What to Expect when Consulting a Hip Replacement Specialist
Osteoarthritis is generally acknowledged as the single most common reason for painful joints that lead to reduced mobility. It is a condition that can affect most joints, but it tends to be most debilitating when the shoulder, knee, or hip joints are involved, and at some stage, orthopaedic specialists are likely to recommend a prosthetic replacement.
Surgery involving the upper femur and pelvic joint has been undertaken for around three hundred years or more, although the procedures performed remained relatively rudimentary throughout most of that period. With the knowledge of joint structure gained from dissection, these early efforts focused mainly on the surgical treatment of injuries to naval and military personnel wounded in action, and enabled these early orthopaedic surgeons to avoid the sole previous alternative of subjecting such cases to a debilitating amputation.
Today, of course, it has become common practice for specialists to conduct either a partial or total hip replacement, thus enabling their patients to return to their former pain-free and actively mobile lifestyles. So, what might the average patient expect in the event that he or she should find themselves in need of this type of surgery?
In practice, surgery will not be the automatic first choice for a patient who is experiencing pain in the joint under discussion. A preliminary investigation will first be necessary to establish its cause. There are a number of possible explanations for pain in this region, and in addition to the erosion of the articulating surfaces resulting from arthritis, bursitis affecting the trochanter or gluteus medius, or a torn acetabular labrum, as well as femoral fractures or even groin strain, could also be the root of the pain. A hip replacement specialist will not proceed without first confirming the need with a detailed patient history, a thorough physical examination, X-rays and other relevant tests required for a differential diagnosis.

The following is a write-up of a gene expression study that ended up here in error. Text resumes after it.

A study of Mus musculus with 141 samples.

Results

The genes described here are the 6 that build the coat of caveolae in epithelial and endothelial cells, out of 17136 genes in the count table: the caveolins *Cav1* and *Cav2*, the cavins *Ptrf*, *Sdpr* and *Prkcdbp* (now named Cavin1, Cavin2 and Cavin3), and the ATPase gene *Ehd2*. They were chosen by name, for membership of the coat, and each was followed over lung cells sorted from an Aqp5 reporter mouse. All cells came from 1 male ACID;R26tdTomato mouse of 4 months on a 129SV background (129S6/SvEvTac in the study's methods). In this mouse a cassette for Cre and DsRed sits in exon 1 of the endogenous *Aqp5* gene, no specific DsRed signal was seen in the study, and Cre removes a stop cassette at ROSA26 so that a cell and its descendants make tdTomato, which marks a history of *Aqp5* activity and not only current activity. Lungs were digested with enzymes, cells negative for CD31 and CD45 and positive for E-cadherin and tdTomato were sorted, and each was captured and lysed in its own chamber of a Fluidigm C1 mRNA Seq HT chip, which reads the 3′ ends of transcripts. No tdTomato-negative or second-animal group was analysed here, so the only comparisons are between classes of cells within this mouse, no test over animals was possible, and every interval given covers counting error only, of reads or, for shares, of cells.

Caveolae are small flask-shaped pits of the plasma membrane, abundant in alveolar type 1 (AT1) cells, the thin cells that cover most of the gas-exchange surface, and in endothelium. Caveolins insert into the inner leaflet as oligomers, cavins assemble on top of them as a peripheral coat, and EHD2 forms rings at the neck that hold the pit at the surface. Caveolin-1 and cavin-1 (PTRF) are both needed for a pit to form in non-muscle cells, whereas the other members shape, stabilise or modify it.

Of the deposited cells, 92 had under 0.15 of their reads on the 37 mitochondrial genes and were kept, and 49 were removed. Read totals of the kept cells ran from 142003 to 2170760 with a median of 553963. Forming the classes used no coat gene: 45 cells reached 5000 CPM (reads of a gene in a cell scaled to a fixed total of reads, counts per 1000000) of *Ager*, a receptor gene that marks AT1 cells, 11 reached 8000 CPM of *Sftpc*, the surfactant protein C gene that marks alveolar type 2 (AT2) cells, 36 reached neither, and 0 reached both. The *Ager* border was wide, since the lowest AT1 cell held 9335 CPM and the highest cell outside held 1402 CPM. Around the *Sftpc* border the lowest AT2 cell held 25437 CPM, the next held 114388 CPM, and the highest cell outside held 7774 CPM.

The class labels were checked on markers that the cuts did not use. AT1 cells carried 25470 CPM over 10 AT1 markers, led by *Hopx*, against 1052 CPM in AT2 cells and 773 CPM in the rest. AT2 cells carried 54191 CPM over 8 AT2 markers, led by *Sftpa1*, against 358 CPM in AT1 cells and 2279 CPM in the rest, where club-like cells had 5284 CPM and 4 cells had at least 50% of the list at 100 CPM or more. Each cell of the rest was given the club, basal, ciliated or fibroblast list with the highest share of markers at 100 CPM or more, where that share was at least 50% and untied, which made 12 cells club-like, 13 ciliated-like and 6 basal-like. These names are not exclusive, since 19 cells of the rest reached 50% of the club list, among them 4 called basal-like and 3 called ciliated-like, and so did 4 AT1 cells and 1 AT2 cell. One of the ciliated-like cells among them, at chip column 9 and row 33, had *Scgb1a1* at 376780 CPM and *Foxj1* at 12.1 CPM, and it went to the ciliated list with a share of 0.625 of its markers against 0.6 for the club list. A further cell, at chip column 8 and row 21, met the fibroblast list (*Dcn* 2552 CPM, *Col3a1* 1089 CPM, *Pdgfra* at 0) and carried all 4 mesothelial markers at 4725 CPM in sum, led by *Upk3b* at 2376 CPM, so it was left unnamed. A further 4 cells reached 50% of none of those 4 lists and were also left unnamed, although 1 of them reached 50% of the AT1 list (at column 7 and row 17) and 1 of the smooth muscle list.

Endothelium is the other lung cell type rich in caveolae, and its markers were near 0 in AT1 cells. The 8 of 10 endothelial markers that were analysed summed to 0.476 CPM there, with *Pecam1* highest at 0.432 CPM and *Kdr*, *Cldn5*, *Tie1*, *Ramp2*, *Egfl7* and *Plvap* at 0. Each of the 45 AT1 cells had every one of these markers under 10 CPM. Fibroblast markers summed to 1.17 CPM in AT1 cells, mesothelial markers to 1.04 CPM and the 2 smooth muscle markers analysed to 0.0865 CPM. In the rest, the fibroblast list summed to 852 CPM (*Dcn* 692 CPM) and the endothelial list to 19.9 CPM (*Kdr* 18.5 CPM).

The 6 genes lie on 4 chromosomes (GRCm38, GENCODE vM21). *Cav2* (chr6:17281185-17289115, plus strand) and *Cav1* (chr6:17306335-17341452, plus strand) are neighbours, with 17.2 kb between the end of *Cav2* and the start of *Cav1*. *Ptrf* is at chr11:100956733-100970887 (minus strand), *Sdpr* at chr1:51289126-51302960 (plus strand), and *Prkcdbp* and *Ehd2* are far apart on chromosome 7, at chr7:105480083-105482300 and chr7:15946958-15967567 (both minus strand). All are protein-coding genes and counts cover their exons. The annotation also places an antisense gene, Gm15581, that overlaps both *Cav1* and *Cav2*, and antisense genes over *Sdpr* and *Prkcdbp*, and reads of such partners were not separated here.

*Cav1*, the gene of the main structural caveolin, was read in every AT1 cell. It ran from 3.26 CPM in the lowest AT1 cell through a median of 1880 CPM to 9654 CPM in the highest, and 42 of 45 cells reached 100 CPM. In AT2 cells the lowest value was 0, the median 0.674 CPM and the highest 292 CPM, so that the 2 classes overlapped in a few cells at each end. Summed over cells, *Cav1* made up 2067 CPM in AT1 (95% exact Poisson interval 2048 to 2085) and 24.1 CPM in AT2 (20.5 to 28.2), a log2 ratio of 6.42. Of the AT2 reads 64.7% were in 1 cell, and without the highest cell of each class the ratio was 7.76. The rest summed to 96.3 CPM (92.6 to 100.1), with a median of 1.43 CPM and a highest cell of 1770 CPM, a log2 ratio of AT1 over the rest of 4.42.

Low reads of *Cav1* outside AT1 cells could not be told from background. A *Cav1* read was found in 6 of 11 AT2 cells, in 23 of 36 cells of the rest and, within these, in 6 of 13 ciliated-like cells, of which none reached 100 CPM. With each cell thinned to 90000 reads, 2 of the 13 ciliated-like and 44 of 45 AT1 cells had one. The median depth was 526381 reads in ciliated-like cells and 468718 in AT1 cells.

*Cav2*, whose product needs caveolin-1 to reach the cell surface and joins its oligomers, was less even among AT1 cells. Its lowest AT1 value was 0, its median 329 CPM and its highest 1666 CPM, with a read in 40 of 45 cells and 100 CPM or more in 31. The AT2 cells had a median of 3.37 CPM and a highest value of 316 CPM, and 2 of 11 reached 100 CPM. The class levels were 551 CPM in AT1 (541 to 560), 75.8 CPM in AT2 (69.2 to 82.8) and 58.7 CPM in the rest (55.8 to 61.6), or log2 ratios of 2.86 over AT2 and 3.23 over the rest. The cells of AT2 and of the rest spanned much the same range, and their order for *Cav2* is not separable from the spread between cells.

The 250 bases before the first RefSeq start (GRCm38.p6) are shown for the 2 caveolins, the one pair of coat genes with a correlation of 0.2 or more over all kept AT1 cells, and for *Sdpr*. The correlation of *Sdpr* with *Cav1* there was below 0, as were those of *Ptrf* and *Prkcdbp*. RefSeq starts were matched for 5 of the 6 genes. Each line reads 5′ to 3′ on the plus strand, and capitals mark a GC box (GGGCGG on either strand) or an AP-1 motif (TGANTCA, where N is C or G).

Even when evidence of damage to the articulating surfaces is confirmed, a more conservative approach combining physiotherapy and prescription analgesics will often be the first line of treatment, while steroid injections may later become necessary for pain relief. However, once this regimen proves to no longer be sufficiently effective, the offer of elective surgery will be the natural progression.
The earliest attempt at replacement of a damaged hip joint was not the work of a specialist, so the ivory prosthesis used to replace the damaged head of the femur was simply not strong enough to offer a long-term solution. The surgery itself would have been radical and involved exposing most of the inner structure of the affected joint. It is therefore reassuring for patients in the 21st century to learn that the materials used in the construction of prosthetic joints, their design, and the surgical techniques now employed to implant them have evolved beyond all recognition.
As well as the structure of artificial joints, which includes metal-on-metal, metal-on-polyethylene, and ceramic-on-ceramic combinations, the means of securing them has also evolved. Where screws and bolts once provided the means of attachment, biocompatible cements and direct fusion between the bone and the sponge-like metal surface of the prosthesis are now helping to simplify the task of hip replacement specialists. These are just a couple of the many innovations that have served to make this procedure the most successful surgical intervention in the lengthy history of orthopaedics, and to position it among the most successful in medicine overall.
One of the most exciting developments in arthroplasty from the patient’s viewpoint has been the move to less invasive techniques that no longer require the joint to be fully exposed, thus reducing the risk of infection and intra-operative blood loss, as well as the length of time required for post-operative recovery. Also, a technique known as arthroscopy, in which a tube with a light and camera at its tip relays real-time images of the joint and surrounding tissues, now allows hip replacement specialists to work via a much smaller incision than was previously necessary.
As in many facets of medicine, computers are playing a growing role. As a result, computer-assisted techniques that facilitate the placement of instruments relative to key anatomical structures are already providing surgeons with the means with which to position an implanted prosthetic joint with far greater precision.
The arthroscopy unit lead by Dr Jan De Vos in Wilgers, Pretoria embraces much of the latest state-of-the-art technology and attracts numerous international referrals. However, services vary and should be discussed with individual hip replacement specialists.